White Pine High School senior Autumn Cavender says her teachers generally follow IEP guidelines, but for her (and presumably other IEP students), they need more individualized accommodations to help them succeed.  

Autumn has been diagnosed with dyslexia and Irlen Syndrome, a problem with the brain’s ability to process visual information. Irlen Syndrome manifests differently for different people — in Autumn’s case, it causes light sensitivity which combined with dyslexia can make reading and processing information a big challenge.  

As a freshman, Autumn thought about doing a training for teachers to better explain what IEP kids go through. That idea resurfaced after she attended the National Council for Independent Living’s (NCIL) “Forging Justice” annual conference in Washington D.C.  

“If they don’t understand it’s not their fault,” she says. “If you don’t have what we have, you’re not going to understand. but we can explain how they can better support the students with advice on ways to help us.” 

The Northern Nevada Contingent 

Autumn was part of a group of Nevadans who traveled to the NCIL annual conference in Washington D.C. in July. Many of the group attended through scholarships from Northern Nevada Center for Independent Living (NNCIL) and Southern Nevada Center for Independent Living (SNCIL), using a grant from the Nevada Statewide Independent Living Council (SILC).  

Members of the NNCIL group said the conference gave them deeper insight into living with disabilities and how to better help others.  

 Shelby Benzing, a senior at the Academy of Arts, Careers & Technology (AACT) High School, with plans to go into graphic design or computer science, says the conference opened her eyes and helped her realize that she is not alone.  

“There is a problem out there and we need to be the ones to change it,” she said. “Those of us with disabilities have one of the strongest voices in the country.”  

Shelby, who lives with cerebral palsy, has been in a wheelchair for most of her life, so she lives her life very differently from most.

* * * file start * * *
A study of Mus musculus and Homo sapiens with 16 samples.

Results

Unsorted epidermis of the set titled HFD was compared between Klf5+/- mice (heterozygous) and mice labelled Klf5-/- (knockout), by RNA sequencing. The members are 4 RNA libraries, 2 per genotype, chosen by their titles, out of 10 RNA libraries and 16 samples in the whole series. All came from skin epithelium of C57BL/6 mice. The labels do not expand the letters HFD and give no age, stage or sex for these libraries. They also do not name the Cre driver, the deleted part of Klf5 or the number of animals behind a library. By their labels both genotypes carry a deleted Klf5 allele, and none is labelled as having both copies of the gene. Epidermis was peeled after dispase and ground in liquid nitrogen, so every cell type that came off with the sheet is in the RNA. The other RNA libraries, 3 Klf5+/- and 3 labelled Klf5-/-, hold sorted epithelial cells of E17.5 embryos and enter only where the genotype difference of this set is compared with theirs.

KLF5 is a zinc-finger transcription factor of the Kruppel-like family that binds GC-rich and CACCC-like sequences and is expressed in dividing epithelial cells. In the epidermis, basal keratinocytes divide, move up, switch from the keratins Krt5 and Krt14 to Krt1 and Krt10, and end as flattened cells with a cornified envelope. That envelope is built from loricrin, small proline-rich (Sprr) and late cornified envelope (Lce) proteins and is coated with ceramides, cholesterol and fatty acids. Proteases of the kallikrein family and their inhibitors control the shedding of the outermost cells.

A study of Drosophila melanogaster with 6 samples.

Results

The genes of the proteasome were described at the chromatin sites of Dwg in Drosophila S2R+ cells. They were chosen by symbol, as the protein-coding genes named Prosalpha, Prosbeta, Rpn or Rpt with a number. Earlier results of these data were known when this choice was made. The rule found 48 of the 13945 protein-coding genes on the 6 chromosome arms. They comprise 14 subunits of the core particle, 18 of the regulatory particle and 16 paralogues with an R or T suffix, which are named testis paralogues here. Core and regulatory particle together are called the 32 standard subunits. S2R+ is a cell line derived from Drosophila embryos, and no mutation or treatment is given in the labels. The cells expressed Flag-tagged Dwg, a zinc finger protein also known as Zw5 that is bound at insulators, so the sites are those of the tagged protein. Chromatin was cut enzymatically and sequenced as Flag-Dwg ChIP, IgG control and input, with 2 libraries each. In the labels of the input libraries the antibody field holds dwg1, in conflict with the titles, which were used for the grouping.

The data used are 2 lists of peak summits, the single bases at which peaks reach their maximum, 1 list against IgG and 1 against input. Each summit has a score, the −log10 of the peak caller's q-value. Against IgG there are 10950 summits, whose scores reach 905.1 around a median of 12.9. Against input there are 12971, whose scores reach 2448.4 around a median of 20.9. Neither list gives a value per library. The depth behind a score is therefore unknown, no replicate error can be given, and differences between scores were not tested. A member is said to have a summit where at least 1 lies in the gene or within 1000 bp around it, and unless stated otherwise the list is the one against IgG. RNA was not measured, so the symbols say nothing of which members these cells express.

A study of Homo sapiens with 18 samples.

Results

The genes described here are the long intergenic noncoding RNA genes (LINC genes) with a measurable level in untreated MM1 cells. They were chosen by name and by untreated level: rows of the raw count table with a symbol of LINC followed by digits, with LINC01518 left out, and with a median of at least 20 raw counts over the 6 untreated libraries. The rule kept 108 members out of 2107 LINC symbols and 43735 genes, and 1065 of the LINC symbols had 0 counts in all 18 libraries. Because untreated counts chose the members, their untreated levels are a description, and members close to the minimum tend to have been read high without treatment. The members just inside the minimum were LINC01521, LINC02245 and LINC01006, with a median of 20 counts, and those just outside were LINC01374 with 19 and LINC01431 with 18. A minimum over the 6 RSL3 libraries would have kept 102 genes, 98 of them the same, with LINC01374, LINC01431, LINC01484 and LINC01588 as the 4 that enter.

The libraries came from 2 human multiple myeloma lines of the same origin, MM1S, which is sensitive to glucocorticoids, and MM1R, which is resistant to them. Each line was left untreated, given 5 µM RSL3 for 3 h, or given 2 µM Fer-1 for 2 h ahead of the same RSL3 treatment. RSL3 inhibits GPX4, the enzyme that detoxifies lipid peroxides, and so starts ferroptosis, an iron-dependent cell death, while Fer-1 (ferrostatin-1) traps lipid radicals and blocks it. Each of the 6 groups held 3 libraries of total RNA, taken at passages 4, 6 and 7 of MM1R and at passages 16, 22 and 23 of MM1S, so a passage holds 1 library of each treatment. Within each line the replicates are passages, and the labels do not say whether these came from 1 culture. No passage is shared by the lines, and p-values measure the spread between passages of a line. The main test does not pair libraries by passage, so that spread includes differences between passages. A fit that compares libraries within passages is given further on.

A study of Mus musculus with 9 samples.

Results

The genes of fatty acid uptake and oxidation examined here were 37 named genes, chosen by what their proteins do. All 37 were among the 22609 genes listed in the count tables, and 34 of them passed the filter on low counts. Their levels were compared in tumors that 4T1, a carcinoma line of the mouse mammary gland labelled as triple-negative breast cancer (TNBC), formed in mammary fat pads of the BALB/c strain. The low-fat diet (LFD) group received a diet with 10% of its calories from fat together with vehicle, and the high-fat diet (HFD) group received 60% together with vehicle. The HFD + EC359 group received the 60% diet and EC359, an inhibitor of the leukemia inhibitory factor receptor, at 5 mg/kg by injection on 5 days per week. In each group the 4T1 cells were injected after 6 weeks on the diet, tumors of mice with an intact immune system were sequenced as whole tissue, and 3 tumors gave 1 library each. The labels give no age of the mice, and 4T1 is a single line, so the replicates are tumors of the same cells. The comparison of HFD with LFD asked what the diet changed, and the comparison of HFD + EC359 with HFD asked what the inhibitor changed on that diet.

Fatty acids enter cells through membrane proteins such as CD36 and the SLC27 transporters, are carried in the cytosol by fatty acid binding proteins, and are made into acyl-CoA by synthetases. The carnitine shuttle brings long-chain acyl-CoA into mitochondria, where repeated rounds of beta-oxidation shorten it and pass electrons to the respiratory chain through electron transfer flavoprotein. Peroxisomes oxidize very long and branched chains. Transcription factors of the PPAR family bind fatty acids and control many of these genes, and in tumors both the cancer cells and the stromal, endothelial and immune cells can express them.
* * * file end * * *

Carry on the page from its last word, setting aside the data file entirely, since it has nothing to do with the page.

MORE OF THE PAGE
“I’m not the only one that struggles,” she says. “I finally realized there are so many people with disabilities and as an entire army, we can fight to make change.” 

While in D.C., Shelby wasn’t able to participate in many sight-seeing opportunities because of her chair. “I have to go another way than others,” she says.  

Her teacher, Dawn Browning (who also attended the conference with an NNCIL scholarship) says that one of the most eye-opening parts of her trip was through spending so much time with Shelby.  

She says that even though she’s been teaching special ed for nearly two decades, spending time touristing with Shelby gave her new insight into how important accessibility is.  

Their group struggled to get an accessible Uber and had to depend on an employee doing a little extra to be able to reserve an accessible tour bus. In other instances, there were no ramps or the elevator was broken, which meant Shelby couldn’t experience the sights the others could.  

 “When we were finally able to reserve the bus, she was so excited to be able to get an experience like everyone else,” Dawn says.  

Forging Justice 

While they did enjoy visiting Washington D.C., both educators in the NNCIL contingent say the conference gave them access to many tools that can help them do their jobs better.  

Herman Cabeje, a special education teacher at West Wendover High School, says that the conference helped him to better understand all of the resources that are out there and how the CARES Act has assisted people with disabilities throughout the state.  

Dawn attended a session sharing a curriculum designed to teach all students about disabilities. “I think it’s so powerful to teach all students to recognize and appreciate the differences in others,” she shares. “With regard to disabilities, it gives them a name for things that are difficult for themselves, while also educating their peers.” 

Dawn says one big takeaway for her was understanding better how students transition from high school to whatever is next for them, whether it’s going to college, getting a job or something else.  

“It’s really important that they have that bridge from high school and all the supports they need,” she says. “I’m excited to bring this back not only to my school but to others in the community so other teachers have what they need as well.”  

Herman agreed that the transition workshops were helpful and he’s looking forward to putting what he learned into action at West Wendover High School.  

“I loved the programs they presented and I plan to purchase some of them to utilize in my classroom,” he says.  

Looking to the Future 

This experience has inspired Shelby to do more — for herself and others. “I feel like I can make a change for other people to make the world more accessible,” she says.  

It has also inspired Autumn to adjust her goals from being a baker to helping teachers better work with students with disabilities.   

“By going to this one conference, I realized that I want to go into research and learn about how teachers and students can work together to have a better understanding of each other so students get the education they deserve,” she says.  

To see photos from their experiences, visit the NNCIL Facebook page.